Dei'ah veDibur - Information & Insight












By S. Baruchi

Thousands of residents from Bnei Brak and Jerusalem, headed prominently by roshei yeshiva, Admorim, rabbonim and noted Torah figures, escorted the Admor of Nadvorna-Hadera this past Friday, Parshas Chukas, 9 Tammuz, to his eternal rest. HaRav Asher Yeshaya Rosenbaum returned his soul to his Maker in the U.S., and his remains were flown here on Friday afternoon and buried in the precinct of the Beis Nadvorna dynasty on Har Hazeisim, Jerusalem.

The Admor was born in the 18th of Elul, 5670, in Chernobyl, Romania, to his father, HaRav Issamar. It was in his parents' home that he absorbed his holy practices, his love for Torah and tireless toil in it, and his devoted self sacrifice for every Jew.

After his brothers got married, leaving him alone in his father's home, his father permitted him to go and study by the Saba Kadisha, the Ahavas Yisroel of Vishnitz, in Grosswardein, where he excelled, earning a close relationship with the Rebbe who drew him close and imparted from his knowledge and holiness, turning him into a devout and worthy follower.

During this period, he formed a close friendship with the future Vishnitzer Rebbe, the Yeshuos Moshe, with whom he studied bechavrusa day and night and together, they accepted special holy practices for improvement in avodas Hashem.

When he turned of marriageable age, he became the son-in-law of his older brother, the Admor of Zutshka, who was glad to have gained a chosson who was the apple of their father's eye. The wedding took place in Bucharest and was attended by a good representation of gedolei Yisroel and masses of Jews who were happy to participate in a Rebbishe simcha.

He was miraculously spared during the Holocaust by finding refuge in his father's home in Chernobyl, even though the Germans succeeded in massacring half the city. The remainder was fortunately not exiled so that a remnant of his father's court survived and were able to reach a safe haven in the U.S. where he reestablished the dynasty in his beis medrash in Flatbush. This soon became a lodestone for Jews seeking closeness to Hashem.

Many sought his blessings and counsel, and his name quickly spread afar as a miracle worker.

In 5726, he fulfilled his heart's desire to settle in Eretz Yisroel. He was asked to spend a Shabbos in Hadera, but first sought his father's advice. The latter, the Admor HaRav Issamar, said, "We descended to this world to be Jews and that is our mission. We must do this." After spending a Shabbos in Hadera, he was begged by the residents to remain there and upon his father's consent, agreed to do so, establishing his court there, which quickly became a beacon of Torah light for the entire area. He thus succeeded in drawing many Jews close to the ways of the Torah, often hosting many of them at his table, which made a tremendous lasting impression upon them.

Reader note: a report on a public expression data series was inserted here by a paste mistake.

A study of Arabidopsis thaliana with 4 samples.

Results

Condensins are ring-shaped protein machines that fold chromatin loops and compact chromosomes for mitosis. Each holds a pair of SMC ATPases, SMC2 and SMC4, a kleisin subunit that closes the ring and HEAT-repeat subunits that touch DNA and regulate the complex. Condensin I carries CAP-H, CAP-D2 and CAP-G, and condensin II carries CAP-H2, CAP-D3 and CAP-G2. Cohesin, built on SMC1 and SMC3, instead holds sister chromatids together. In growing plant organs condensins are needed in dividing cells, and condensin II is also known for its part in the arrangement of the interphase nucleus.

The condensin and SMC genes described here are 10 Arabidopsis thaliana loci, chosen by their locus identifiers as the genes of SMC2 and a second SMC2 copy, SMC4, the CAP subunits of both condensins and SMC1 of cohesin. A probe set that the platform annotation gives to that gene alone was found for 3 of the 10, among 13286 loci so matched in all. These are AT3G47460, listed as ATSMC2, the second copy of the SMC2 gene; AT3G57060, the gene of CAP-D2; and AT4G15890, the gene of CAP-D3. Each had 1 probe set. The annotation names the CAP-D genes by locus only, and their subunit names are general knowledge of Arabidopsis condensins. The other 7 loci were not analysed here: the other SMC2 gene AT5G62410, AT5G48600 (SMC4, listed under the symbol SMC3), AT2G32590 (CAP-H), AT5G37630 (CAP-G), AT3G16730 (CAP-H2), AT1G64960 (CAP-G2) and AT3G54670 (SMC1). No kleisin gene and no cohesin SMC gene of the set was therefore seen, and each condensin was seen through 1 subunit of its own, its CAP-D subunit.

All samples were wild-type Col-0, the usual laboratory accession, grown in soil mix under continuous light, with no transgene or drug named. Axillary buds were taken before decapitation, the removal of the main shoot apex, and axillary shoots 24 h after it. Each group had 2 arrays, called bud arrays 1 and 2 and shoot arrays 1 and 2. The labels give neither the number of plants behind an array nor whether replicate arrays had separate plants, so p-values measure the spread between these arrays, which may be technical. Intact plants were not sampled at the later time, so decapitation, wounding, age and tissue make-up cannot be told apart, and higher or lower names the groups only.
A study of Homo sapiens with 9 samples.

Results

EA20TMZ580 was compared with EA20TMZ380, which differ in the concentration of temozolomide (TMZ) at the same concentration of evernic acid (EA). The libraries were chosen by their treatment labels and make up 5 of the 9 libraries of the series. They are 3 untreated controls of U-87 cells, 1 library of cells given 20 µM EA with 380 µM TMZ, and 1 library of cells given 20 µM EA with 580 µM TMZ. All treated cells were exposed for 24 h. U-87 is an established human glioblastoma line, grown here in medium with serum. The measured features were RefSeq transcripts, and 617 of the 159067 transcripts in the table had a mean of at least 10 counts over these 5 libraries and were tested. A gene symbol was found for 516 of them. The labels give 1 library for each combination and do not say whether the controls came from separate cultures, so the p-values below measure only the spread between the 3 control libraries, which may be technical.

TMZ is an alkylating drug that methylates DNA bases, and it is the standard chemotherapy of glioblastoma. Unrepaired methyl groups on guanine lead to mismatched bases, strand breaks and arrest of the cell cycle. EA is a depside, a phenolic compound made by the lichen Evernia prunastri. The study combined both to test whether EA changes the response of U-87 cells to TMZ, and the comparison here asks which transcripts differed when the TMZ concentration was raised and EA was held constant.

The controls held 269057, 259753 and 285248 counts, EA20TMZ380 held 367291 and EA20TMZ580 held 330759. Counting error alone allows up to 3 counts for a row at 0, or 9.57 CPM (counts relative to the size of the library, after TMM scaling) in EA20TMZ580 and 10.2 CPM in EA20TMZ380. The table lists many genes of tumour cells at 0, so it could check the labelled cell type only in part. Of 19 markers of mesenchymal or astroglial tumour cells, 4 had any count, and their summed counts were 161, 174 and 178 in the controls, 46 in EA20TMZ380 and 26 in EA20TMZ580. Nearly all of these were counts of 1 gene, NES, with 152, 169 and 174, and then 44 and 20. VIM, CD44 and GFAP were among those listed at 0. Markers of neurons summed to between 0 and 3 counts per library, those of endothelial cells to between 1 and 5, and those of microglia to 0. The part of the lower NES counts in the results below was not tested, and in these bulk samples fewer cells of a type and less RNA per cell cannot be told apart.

In 5744, he moved to Bnei Brak and after moving about extensively, finally set up his beis medrash in a splendid building on Rechov Uziel which has become an illustrious center for seekers of Torah and adherents of Chassidus.

Three years ago, he began weakening and moved to the home of his son-in-law in Monsey, where he continued his Torah study and avodas Hashem. His condition deteriorated these past days, forcing him to be hospitalized in Manhattan, where he returned his pure soul to his Creator on Thursday morning, surrounded by a large group which fervently recited the various pesukim, including Shema Yisroel.

His son-in-law took tearful leave of him, delineating his outstanding holiness and exalted avodas Hashem through power and valor coupled with humility which he likened to a doormat, as the Rebbe regarded himself. He also told of his wondrous devotion for the good of his people, including the many benefits he was able to channel through his pure prayers and blessings.